ServiceFriday: Refrain from Referral? Behavior in Referral Rewards Programs

– Written by Jack Lechich for the Center for Services Leadership

Referral reward programs (RRPs) are applied by firms to use existing customers to recommend a firm’s service to friends, family and potential new customers. Having become ubiquitous among the service industry, current research on RRPs is far from exhaustive as most studies on them focus on customers’ intention to refer instead of their actual referral behavior. RRPs are only effective when a referral is completed by an inductor and a new customer has purchased the service and subsequently become an inductee.

A study recently published in the Journal of Service Management used the retail banking sector as the service setting to examine the referral behavior of participants. The researchers found this setting to be ideal for their study as many banks offer RRPs and some of their hypothesis’ demanded more service context (e.g. metaperception, relationship quality).

Collecting data from a leading European bank, researchers studied a sample of 422 people with 273 being inductors (successful RRP participation) and 149 being non-inductors (no participation or unsuccessful RRP participation). The bank supplied customer relationship management (CRM) data which provided information about the actual RRP participation behavior observed. Other information researchers had access to included deposits, relationship duration with the bank, personal income, and number of products held.

They discovered that two variables had a significant effect on successful RRP participation: metaperception and RRP attractiveness. Metaperception refers to “the process by which individuals determine the impressions others might form of them and their behavior”. Basically it means how we perceive how others perceive us. RRP attractiveness refers to the perceived attractiveness of the incentive for potential inductors.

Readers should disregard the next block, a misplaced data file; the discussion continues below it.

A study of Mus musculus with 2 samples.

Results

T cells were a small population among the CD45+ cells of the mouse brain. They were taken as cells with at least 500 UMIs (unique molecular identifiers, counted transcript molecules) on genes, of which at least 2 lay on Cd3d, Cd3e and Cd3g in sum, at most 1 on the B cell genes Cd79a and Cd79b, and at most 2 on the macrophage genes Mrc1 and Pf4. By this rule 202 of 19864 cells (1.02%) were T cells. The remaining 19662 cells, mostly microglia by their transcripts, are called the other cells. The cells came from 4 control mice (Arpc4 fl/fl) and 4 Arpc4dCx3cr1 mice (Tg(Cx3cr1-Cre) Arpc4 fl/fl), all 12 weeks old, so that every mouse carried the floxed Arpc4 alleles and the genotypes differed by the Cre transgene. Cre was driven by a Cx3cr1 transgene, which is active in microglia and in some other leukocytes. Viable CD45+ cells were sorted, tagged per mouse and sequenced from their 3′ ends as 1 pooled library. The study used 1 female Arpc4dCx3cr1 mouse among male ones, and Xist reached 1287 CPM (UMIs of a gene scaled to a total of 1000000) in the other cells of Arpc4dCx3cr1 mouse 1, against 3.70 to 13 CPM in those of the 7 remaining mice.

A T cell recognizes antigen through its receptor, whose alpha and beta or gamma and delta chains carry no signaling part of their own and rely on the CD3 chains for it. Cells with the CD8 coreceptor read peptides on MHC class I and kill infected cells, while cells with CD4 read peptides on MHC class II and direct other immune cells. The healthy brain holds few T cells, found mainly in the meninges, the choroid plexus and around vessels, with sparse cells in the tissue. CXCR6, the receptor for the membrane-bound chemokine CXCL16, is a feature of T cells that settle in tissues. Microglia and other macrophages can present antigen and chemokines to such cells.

Metaperception and RRP attractiveness being found as the significant variables on the success of RRPs may be attested to how both involve the potential inductor weighing his or her options in terms of “Is it worth it?”. Is the incentive (i.e. the reward) worth the effort of referring and is the referral worth doing if the inductor does not have the best metaperception of him or herself?

Managerial implications

“The overall findings suggest that managers have to manage at least two important variables: metaperception of the referral and attractiveness of the reward.” Potential inductors don’t want to lose face with potential inductees so it is key that service firms keep in mind the metaperceptions of their existing customers when executing RRPs. One way that the researchers suggest this can be accomplished is through a shared reward structure. This would provide incentives to both the inductor and inductee.

To help improve the attractiveness of RRPs, they recommend designing RRPs to target close ties and offer incentives that are attractive to the customer but have low face value (e.g. an invitation to an exclusive event).
To read the full article, go to the Journal of Service Management at this link. (A fee may apply.)